How Hasselblad Is Allowing Us to See the Work of Leonardo Da Vinci like Never Before

How Hasselblad Is Allowing Us to See the Work of Leonardo Da Vinci like Never Before

Hasselblad is working with imaging specialists from the University of Bologna and art historians from the Brera Academy of Fine Arts in Milan to capture incredibly detailed and accurate images of a copy by Andrea Appiani of the famous Leonardo da Vinci’s Vitruvian Man.

Paola Salvi, Professor of Semiology of the Body at the Department of Visual Arts of the Brera Academy, explains that “Leonardo’s Vitruvian Man began to become famous in the early nineteenth century when many artists copied it. The drawing by Appiani is the most beautiful and faithful to the original. Shooting it with a Hasselblad H6D-400c MS to create a 3D model is very useful for studying the paper and the technique, and for creating navigable overlays with the image of the original drawing by Leonardo.”

Some original early sketches made by Leonardo da Vinci, that are more than 500 years old, were also shot with a Hasselblad by the University of Bologna, creating 3D maps to allow these sketches to be studied as never before. You can get an idea of the level of detail by visiting the Hasselblad website where you can zoom in to some of the sketches.

To capture these historic sketches, researchers teamed up with Hasselblad and used the multi-shot functionality of the Hasselblad H6D-400c MS. These extremely fragile sheets of paper were drawn upon using a combination of pen and ink, and red and black chalk, along with metal points. Despite each sheet being smaller than a standard letter, the level of detail is immense.

The University of Bologna team also developed its own software in order to render the resulting images as a 3D model, allowing future researchers to be able to study the artifacts in detail, all without further exposing the originals to light and manipulation, which can cause them to decay.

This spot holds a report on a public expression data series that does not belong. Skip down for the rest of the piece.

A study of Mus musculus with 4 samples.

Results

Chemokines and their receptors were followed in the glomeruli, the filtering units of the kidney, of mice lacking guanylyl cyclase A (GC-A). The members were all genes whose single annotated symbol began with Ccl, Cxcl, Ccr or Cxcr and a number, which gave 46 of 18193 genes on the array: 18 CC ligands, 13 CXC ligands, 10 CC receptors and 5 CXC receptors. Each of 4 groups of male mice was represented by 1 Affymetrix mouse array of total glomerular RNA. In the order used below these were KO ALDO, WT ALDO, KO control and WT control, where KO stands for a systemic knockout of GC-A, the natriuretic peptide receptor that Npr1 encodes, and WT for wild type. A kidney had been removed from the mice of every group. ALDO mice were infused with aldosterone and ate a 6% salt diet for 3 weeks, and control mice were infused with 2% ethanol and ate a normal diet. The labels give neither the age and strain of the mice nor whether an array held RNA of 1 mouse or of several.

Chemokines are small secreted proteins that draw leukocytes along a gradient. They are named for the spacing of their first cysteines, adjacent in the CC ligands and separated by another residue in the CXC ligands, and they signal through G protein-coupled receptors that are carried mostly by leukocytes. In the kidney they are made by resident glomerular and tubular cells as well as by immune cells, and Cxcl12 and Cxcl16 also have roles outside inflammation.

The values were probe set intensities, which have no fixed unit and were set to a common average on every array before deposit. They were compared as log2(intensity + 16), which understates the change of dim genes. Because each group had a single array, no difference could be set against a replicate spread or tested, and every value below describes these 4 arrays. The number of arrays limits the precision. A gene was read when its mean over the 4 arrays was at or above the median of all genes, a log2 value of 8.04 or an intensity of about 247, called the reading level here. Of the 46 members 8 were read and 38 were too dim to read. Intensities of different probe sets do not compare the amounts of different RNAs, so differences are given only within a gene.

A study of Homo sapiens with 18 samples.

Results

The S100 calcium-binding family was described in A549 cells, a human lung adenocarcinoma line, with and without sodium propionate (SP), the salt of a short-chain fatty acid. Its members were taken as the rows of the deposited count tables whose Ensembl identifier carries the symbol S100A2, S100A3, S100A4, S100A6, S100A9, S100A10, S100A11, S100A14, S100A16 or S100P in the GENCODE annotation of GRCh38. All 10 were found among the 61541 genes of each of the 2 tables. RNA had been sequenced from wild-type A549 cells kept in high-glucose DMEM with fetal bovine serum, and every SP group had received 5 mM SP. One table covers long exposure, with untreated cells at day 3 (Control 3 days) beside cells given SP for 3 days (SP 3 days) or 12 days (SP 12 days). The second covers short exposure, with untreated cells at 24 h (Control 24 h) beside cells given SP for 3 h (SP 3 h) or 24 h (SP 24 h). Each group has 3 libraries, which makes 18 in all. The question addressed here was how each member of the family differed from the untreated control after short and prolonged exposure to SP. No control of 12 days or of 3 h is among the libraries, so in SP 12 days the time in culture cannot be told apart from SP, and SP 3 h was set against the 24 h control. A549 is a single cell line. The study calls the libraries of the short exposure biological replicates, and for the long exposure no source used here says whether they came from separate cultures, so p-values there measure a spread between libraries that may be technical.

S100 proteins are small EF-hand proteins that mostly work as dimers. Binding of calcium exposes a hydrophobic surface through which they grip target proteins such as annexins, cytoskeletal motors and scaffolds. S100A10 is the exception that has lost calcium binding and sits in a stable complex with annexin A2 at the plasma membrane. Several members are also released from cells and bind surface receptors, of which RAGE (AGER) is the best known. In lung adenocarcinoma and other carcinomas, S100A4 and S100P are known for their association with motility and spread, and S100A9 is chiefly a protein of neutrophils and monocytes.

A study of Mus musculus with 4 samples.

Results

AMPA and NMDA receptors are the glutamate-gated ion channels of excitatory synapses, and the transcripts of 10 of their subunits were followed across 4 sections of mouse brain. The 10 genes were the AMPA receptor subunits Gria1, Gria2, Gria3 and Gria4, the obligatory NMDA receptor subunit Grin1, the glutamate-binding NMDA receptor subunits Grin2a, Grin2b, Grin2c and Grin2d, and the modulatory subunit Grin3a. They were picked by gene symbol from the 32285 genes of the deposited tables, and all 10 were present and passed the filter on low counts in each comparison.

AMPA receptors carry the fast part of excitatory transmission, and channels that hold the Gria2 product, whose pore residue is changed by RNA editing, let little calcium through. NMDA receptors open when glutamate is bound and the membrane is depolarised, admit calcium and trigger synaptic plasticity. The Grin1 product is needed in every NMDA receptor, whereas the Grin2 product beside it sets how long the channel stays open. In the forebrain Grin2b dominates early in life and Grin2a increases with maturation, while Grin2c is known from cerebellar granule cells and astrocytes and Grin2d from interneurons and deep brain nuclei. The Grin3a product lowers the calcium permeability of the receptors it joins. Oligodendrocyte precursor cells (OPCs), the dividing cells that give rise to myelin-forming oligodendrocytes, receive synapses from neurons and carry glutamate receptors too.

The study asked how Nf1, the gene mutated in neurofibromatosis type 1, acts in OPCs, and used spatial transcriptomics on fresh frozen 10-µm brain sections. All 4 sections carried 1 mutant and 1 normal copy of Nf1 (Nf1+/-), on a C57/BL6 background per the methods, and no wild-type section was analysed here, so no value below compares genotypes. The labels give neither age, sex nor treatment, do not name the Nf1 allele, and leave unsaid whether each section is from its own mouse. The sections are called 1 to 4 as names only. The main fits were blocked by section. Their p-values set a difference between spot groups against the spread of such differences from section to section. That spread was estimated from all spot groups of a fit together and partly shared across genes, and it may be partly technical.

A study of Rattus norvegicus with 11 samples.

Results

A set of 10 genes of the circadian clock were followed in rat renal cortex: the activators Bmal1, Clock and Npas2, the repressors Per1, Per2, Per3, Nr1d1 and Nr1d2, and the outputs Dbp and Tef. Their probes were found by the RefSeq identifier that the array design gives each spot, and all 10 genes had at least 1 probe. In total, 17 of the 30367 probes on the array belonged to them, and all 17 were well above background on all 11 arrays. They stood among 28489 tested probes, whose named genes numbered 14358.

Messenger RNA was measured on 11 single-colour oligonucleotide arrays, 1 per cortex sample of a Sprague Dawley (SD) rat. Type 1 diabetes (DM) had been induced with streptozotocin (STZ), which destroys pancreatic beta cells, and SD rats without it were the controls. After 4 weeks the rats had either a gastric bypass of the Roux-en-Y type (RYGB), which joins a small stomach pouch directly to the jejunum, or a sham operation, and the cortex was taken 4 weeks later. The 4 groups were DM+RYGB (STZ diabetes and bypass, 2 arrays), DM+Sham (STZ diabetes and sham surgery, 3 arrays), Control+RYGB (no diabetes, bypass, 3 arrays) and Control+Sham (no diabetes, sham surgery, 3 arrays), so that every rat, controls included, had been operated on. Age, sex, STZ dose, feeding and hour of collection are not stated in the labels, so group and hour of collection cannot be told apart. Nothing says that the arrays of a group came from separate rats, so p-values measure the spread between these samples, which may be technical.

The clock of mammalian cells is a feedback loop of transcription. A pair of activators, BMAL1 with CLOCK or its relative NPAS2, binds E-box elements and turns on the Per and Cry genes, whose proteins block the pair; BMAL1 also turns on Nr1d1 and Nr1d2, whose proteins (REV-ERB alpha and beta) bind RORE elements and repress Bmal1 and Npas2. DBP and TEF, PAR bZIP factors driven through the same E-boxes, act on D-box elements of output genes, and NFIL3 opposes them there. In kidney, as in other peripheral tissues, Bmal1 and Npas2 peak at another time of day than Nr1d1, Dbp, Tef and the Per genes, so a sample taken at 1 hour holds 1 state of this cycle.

As noted by Fabrizio Ivan Apollonio, Professor of Architectural Representation at the Department of Architecture of the University of Bologna, the 3D maps reveal details that are otherwise difficult to discern with the naked eye, such as the subtleties of how lines have been drawn. Apollonio explains that it’s possible to see, “lead point, ink, chalk, gouache, and types of signs over-imposed over time, not only those by Leonardo but also by other owners/collectors.”

The maps also show the back of the drawing which can contain details that might otherwise be missed. As Dan Wang, Hasselblad’s Marketing Director, observes, what one might assume to be a single solid line of ink are actually “intricate variations of depth, texture, and gradation in reality.”

Creating the right lighting conditions for the photography and ensuring color fidelity has been an important part of the process. The 100-megapixel H6D used six-shot mode to accurately reproduce color and maximize resolution. The resulting files are 400 megapixels, with images measuring around 32,300 x 17,400 pixels.

While photographing, the team deployed an X-Rite ColorChecker Classic and then used their own in-house software to achieve a color accuracy with an average ΔE00 error of about 0.89 (only a variance above 1 is visible to the human eye).

The high color fidelity combined with a resolution of 50 microns (a measurement typically used when photographing through a microscope) allows curators to study the sketches in minute detail, as well as making these documents available to museum visitors in a completely unique way.